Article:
Wingspan has so successfully established its place in the boardgaming landscape that it’s hard to believe it only came out in 2019. In just a few short years of existence, it has built a rock solid home for itself, a titanium nest, in the hearts and on the shelves of thousands of hobbyists. It even appeared on British soap opera Coronation Street, which fully cements it as one of those board games that’s a household name even among non-gamers.
So, does bird-collecting board game Wingspan deserve to have taken off so dramatically? Does this easy-to-learn engine building card game live up to the hype and earn its spot on our best board games list? Should you take a look at the several Wingspan expansions on offer? We think so, and here’s why.
Wingspan is a great game, but where it perhaps succeeds most dramatically is its aesthetic. Produced by Stonemaier Games, Wingspan is a work of art, and plays to its theme beautifully. It just oozes charm from every pore, and its bright and pleasant concept is communicated everywhere.
It’s not just the cards, featuring feathered friends and with bird facts to boot, that are lovely. Every component is just so inviting, from the dice tower shaped like a birdhouse, to the bright, pastel-coloured eggs that I constantly have to resist the urge to pop in my mouth. Wingspan is a gateway board game that makes the job of getting people to actually sit down at the table and try something complicated a thousand times easier, simply thanks to how it looks and feels.
The beak-based theme of Wingspan is one that seems to have a certain universal appeal – collecting food to attract different birds to your habitats is both wholesome and appeals to the collector inside all of us. True it often doesn’t make perfect sense: for instance, it’s a bit weird that you have to bribe birds with eggs to get them on the board. But this is easy to overlook when their are other great elements that are so on-theme, like birds of prey that need to find smaller birds to eat, or cuckoos that lay eggs in other birds’ nests.
It’s a great game too, once you actually start playing. Wingspan is easy to learn, but very difficult to master thanks to the sheer number of ways there are to earn points. Each of your turns is full of tricky but exciting decision making, as your strategy must take into account the bird cards you have in hand, the food available to pay for them, the bonus objectives that’ll score you points each round, as well as your personal bonus card that provides a unique objective. All these factors mean it can be impossible to know who’s winning until the game ends, but it also provides a ton of variety, and ensures no two games of Wingspan ever pan out the same.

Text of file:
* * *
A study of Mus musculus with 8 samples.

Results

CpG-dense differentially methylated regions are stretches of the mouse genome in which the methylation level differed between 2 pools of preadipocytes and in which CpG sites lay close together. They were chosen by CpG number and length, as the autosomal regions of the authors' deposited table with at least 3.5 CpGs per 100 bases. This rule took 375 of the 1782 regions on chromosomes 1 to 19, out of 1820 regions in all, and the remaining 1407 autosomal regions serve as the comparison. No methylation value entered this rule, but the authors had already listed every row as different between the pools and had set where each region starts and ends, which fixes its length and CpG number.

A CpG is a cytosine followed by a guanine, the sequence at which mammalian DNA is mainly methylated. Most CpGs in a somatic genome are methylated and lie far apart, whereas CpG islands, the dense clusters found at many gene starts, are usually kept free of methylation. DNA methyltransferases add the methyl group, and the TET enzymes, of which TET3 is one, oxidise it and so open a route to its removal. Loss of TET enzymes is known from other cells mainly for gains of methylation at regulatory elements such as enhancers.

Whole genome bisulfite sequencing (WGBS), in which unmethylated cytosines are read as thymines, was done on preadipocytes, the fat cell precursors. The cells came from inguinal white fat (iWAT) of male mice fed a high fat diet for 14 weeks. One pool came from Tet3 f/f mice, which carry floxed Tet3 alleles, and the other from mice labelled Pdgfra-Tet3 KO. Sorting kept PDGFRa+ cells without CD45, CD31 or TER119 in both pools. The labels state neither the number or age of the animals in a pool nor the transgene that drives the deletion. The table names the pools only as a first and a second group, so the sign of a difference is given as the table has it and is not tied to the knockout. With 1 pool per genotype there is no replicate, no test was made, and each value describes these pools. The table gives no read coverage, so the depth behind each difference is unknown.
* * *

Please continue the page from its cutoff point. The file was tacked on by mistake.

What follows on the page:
Wingspan is also satisfying in the way that only engine building games can be. Your bird-powered card-drawing, food-making, egg-laying, point-scoring machine starts out very slow, and your turns are very simple. But by the end of the game you’re raking in resources, triggering chain reactions of avian abilities, in a very gratifying culmination of your long-term strategy. The game has a feeling of accelerating to a crescendo, as later rounds are fuller, but each one has fewer turns than the last.
My only real criticism of Wingspan is that I think it’s an incredible production on top of an only very good game. There’s little interaction between players, so Wingspan works best with a lower player count, to keep the game moving. And luck plays a considerable role; sometimes, even a skilled player will be left flapping feebly in the dust due to a poor starting hand and bad draws.
Nonetheless, Wingspan is always fun: not too tough to be intimidating, but always challenging enough to be interesting. And did I mention how easy it is on the eyes? Who’s a pretty boy, then? You are Wingspan. You are.
Wingspan is a gorgeous game that also plays great, with tons of variety and satisfying engine-building.